SCMR 22nd Annual Scientific Sessions
Background: Serial imaging is recommended in patients with ascending aortic aneurysms (1). Operative repair is recommended when the aortic dimensions exceed 5.5 cm or the growth rate is greater than 0.5 cm/year (1). Reliable identification of pathological changes requires precise and reproducible measurements of the aortic root and ascending aorta. However, the aortic root and ascending aorta are pulsatile structures and may be affected by cardiac motion. Thus, we hypothesized that implementing ECG-gating into MRA acquisitions would improve vessel sharpness and increase the reproducibility of aortic root and ascending aorta measurements.
Methods: Both ECG-gated and non-gated MRA datasets were acquired in random order in 50 patients during the administration of gadolinium contrast. From the resulting 3D datasets, 2D images were generated at the sinus of Valsalva (SOV), ascending aorta (AAO) at the level of the pulmonary artery bifurcation, and the descending aorta (DAO) at the level of the diaphragm. Two experienced readers, blinded to acquisition type, independently measured vessel diameter, area, and perimeter at these three aortic locations. Each reader made the measurements twice, on two different occasions approximately 6-months apart. Bland-Altman analyses were used to determine inter- and intra-observer reproducibility for the quantification of vessel dimensions at each aortic location (SOV, AAO and DAO) using both ECG-gated and non-gated MRA datasets.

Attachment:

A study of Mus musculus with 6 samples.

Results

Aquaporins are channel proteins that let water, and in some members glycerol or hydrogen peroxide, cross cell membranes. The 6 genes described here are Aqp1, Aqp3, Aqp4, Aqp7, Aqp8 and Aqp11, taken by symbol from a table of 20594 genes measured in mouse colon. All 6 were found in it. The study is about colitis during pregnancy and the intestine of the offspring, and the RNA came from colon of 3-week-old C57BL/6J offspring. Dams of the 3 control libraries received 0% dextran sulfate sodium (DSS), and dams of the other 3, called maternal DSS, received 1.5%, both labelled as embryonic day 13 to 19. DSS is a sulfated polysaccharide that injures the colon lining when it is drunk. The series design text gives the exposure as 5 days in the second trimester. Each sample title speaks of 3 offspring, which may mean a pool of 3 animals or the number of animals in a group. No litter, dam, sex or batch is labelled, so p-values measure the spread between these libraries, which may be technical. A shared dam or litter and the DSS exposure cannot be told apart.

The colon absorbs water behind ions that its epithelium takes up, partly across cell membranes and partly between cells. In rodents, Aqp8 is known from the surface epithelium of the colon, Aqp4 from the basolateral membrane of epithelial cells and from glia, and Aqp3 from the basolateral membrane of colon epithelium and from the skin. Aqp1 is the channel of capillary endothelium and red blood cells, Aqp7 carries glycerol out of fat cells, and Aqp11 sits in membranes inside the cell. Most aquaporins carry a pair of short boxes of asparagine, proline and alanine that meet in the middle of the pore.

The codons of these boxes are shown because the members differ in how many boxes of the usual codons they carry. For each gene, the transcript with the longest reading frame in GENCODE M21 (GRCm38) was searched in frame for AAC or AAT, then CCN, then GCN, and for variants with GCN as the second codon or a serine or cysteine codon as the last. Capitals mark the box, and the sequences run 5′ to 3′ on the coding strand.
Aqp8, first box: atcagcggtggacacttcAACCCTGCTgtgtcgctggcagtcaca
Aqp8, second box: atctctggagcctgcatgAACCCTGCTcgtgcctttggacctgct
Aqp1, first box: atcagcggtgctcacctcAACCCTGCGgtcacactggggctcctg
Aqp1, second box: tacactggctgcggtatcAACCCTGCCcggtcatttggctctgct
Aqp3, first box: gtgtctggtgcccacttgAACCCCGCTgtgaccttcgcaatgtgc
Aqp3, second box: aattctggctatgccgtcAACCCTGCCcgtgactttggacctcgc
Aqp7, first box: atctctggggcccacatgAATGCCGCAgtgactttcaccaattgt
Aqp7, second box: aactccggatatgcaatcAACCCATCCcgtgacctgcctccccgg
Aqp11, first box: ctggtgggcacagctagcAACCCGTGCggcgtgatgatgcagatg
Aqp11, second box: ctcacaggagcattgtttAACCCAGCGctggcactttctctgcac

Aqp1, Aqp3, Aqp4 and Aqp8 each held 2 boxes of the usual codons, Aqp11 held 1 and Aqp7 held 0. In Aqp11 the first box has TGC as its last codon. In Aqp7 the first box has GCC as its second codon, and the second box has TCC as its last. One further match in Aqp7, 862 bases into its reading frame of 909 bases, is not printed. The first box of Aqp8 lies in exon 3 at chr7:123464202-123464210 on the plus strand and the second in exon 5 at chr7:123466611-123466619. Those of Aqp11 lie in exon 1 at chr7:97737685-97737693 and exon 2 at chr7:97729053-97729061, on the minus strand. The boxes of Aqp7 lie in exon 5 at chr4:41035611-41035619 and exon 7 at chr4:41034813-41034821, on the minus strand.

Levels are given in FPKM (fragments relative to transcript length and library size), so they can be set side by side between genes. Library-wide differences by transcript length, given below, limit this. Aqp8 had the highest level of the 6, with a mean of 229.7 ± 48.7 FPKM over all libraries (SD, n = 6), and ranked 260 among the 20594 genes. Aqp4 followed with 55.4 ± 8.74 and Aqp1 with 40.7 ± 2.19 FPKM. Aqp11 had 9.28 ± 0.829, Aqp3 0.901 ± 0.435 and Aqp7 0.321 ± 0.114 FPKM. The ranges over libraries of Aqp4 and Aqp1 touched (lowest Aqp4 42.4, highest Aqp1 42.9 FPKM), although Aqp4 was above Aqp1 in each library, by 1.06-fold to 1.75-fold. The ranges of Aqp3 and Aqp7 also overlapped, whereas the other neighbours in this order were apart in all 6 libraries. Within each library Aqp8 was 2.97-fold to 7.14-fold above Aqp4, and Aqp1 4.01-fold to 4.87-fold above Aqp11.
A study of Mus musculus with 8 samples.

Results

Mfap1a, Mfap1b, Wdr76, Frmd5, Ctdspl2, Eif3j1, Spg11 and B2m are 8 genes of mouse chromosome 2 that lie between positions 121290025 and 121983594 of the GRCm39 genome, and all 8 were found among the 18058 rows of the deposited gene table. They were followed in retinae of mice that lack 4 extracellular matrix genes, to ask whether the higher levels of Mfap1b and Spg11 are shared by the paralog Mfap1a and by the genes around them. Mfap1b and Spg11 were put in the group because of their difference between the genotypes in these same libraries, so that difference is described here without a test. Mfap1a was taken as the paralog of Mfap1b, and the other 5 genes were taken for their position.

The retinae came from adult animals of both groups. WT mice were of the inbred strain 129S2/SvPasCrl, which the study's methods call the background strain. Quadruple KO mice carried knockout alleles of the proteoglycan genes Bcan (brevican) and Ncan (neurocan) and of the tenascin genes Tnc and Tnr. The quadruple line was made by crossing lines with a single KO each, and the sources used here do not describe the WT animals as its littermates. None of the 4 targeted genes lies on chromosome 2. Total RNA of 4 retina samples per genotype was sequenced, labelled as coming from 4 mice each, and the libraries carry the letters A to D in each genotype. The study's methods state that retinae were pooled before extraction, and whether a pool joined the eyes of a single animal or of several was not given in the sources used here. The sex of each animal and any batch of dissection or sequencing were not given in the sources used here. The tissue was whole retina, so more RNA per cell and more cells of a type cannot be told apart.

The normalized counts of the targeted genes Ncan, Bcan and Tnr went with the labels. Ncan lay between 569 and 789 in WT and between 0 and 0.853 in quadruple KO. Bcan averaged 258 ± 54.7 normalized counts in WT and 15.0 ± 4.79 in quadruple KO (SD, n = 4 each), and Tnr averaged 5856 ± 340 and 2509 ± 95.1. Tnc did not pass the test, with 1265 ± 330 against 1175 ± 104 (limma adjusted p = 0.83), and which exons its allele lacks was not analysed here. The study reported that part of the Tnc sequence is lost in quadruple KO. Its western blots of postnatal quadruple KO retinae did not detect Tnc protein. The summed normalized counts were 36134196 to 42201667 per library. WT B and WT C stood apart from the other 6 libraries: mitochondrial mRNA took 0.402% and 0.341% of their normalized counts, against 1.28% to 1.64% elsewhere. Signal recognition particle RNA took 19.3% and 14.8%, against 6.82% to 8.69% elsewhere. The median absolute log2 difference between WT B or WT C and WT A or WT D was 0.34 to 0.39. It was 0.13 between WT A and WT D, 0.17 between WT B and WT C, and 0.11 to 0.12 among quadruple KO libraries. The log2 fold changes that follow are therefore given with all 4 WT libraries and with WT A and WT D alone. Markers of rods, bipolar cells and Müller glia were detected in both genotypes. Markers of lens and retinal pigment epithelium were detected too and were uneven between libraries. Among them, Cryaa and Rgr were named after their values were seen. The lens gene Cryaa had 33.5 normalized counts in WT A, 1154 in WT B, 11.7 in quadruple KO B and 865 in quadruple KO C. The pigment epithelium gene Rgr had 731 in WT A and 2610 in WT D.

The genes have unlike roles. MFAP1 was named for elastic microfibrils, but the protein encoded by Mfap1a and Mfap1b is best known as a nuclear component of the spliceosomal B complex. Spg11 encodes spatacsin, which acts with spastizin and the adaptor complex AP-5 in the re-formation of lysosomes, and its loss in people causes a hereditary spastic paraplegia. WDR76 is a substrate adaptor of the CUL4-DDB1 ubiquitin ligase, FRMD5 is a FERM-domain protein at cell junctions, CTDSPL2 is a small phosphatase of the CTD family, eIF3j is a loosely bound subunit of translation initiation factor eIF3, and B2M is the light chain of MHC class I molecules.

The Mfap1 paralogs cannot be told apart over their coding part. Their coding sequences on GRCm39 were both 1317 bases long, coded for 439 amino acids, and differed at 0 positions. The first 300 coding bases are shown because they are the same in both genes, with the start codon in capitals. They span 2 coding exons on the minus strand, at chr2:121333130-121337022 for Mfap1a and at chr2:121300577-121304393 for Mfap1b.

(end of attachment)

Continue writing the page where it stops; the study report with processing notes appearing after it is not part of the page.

Results: Representative images demonstrating the differences in image quality at the SOV, AAO, and DAO in 2 patients are shown in Figure 1. The use of ECG gating visibly improved vessel sharpness, particularly at the SOV and AAO locations. Table 1 summarizes the quantitative findings of this study, which demonstrate that ECG-gated MRA resulted in improved inter-and intra-observer reproducibility compared to non-ECG gated measurements at the SOV and AAO. Importantly, given that surgical repair is recommended in patients with an aortic aneurysm growth rate greater than 0.5 cm/year, it is noteworthy that the 95% limits of agreement for the non-ECG-gated method were larger than this cutoff (e.g. -0.65 cm, 0.56 for the AAO). However, the 95% limits of agreement were similar with both MRA techniques for measurements of the DAO.
Conclusion: ECG-gated MRA resulted in improved reproducibility for aortic root and ascending aortic measurements. This data suggests that ECG-gating should be performed for the serial assessment of the ascending thoracic aorta.